Who could find fault with Jack Grealish’s decision-making now? If the obvious thought there is over his and Declan Rice’s choice of England over Ireland, which a 3-0 victory like this more emphatically vindicates, it’s really about the questioning of the playmaker’s tactical discipline or some of the more mundane aspects of the game.
Grealish again illustrated what is good about the game in general, and why he makes it worth watching. Just as against Wales, he sparkled. He brought life.
Grealish showed both England and Ireland what they’ve been missing, as well as why he simply must have a place in the starting XI.
His performance was by far the most impressive factor of England’s easy win, although the gap between the teams was such that Gareth Southgate’s side could probably have managed it without the playmaker on the pitch. Grealish just so elevated it in terms of entertainment.
A point was proven in another way, too. Grealish linked up so well with Mason Mount. No memes necessary after this, as Southgate might have it.
While there’s a temptation to focus on how impressive their interplay was, that was true for England all over the pitch.
They were impressively in synch, with some sumptuous combinations everywhere. In one minute, it was Grealish and Sancho. In another, it was Grealish to James.
The playmaker – against, er, what you might term his boyhood club – was mostly running the show. There were still some moments when he had to be told where to go, mind.
For England’s opening goal, Grealish had been demanding the ball from Harry Winks, only for the midfielder to refuse and then play in the cross from which Maguire thundered his header. After the celebrations, Winks went to Grealish and explained what he’d done.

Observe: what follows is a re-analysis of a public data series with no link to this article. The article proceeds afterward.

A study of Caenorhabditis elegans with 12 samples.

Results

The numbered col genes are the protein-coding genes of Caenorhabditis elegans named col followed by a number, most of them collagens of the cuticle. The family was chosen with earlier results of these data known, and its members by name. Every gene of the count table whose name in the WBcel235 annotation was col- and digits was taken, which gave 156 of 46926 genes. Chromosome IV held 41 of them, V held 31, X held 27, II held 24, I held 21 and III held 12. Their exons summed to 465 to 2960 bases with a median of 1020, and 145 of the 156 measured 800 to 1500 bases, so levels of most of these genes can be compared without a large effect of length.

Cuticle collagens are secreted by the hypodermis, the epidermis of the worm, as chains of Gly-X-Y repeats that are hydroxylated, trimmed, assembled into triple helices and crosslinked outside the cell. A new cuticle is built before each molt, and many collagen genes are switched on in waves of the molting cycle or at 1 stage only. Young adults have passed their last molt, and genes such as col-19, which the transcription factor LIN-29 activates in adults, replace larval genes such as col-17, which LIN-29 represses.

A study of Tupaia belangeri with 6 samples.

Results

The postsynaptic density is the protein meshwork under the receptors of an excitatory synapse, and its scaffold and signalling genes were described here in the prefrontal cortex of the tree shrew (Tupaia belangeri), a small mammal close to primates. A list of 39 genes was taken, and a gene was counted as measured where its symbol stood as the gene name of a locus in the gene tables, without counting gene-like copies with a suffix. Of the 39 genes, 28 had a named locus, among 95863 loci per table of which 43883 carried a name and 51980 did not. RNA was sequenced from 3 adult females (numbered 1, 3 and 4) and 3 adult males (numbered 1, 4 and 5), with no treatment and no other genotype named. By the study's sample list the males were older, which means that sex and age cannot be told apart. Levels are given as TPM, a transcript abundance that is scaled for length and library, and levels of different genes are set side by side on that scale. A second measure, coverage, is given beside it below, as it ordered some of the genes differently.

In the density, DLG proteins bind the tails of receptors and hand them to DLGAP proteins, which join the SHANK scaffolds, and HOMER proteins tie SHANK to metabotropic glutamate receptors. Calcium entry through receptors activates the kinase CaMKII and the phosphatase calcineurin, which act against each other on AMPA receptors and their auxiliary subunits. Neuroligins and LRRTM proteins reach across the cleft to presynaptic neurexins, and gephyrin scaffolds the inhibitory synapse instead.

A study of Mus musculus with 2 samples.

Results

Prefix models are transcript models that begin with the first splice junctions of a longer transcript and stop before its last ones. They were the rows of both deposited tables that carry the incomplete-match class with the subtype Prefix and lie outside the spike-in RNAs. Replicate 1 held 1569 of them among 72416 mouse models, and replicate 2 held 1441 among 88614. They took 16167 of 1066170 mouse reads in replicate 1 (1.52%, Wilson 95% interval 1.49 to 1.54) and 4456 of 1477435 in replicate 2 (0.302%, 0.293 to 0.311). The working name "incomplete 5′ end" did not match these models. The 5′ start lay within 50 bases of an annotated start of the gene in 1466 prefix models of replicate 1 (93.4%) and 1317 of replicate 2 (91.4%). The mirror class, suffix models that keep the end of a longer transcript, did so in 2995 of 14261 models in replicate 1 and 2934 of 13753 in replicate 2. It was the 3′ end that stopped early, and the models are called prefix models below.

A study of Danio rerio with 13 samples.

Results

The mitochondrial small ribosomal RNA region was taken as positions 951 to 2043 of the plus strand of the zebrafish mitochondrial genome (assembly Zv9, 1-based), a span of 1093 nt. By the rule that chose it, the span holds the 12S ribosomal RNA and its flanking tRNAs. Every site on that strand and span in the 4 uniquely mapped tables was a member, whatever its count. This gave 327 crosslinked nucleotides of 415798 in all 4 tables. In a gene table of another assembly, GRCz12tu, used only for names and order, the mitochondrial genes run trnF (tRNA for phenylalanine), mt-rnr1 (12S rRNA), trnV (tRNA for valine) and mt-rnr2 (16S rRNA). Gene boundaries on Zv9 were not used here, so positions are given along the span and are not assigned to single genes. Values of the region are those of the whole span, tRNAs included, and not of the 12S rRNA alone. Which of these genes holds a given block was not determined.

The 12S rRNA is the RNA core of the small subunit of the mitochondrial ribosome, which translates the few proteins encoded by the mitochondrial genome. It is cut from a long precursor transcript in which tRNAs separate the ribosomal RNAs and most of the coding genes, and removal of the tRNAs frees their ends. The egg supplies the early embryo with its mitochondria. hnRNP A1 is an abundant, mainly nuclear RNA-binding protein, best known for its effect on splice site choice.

Maybe this is what Southgate is hinting at when he talks about the Aston Villa playmaker having to internalise England’s way, having to add some of the side’s tactical discipline.
Except, as if to prove a point, Grealish almost immediately showed what he can do the barest space and freedom. The 25-year-old produced a supreme volleyed through ball on the spin, that was one of the moments of the game.
Some of this had to be put into the context of the quaility of opposition.
Ireland – for all their admirable vigour – looked like one of those Premier League clubs that come up and try to play a nice brand of football, but go straight back down because the players aren’t really good enough. This is the challenge for Stephen Kenny, to so ingrain a way of playing that it actually elevates the standard of the players. It’s a big job.
Ireland had actually started by spooking England a bit, with one run that saw Tyrone Mings forced to deny Callum O’Dowda. It was a brief blaze.
England very quickly got their opening goal and it was as if, after that, they realised they were far superior.
They started trying things and taking speculative shots, effectively signalling they knew they could score at will.
Grealish went close, Maguire had another header tipped over, Dominic Calvert-Lewin a shot that flashed wide.
In one flowing move in the second half, Mings – of all players – pulled off a flick on the turn that almost produced the most divine of assists.
The second had come from Sancho ambling his way into the box and curling the ball beyond Darren Randolph. The gap that Jeff Hendrick allowed him was reflective of the gap between the teams.
For the third goal, it was as if Ireland were so disoriented Cyrus Christie was bamboozled into a foul on Bukayo Saka. The penalty was soft, but you could get why it was given.
Calvert-Lewin’s penalty was hard, and impossible for Randolph to get at.
Shortly after that, Grealish was taken off, as if to put Ireland out of their misery.
He’d made a few points, by making England sing.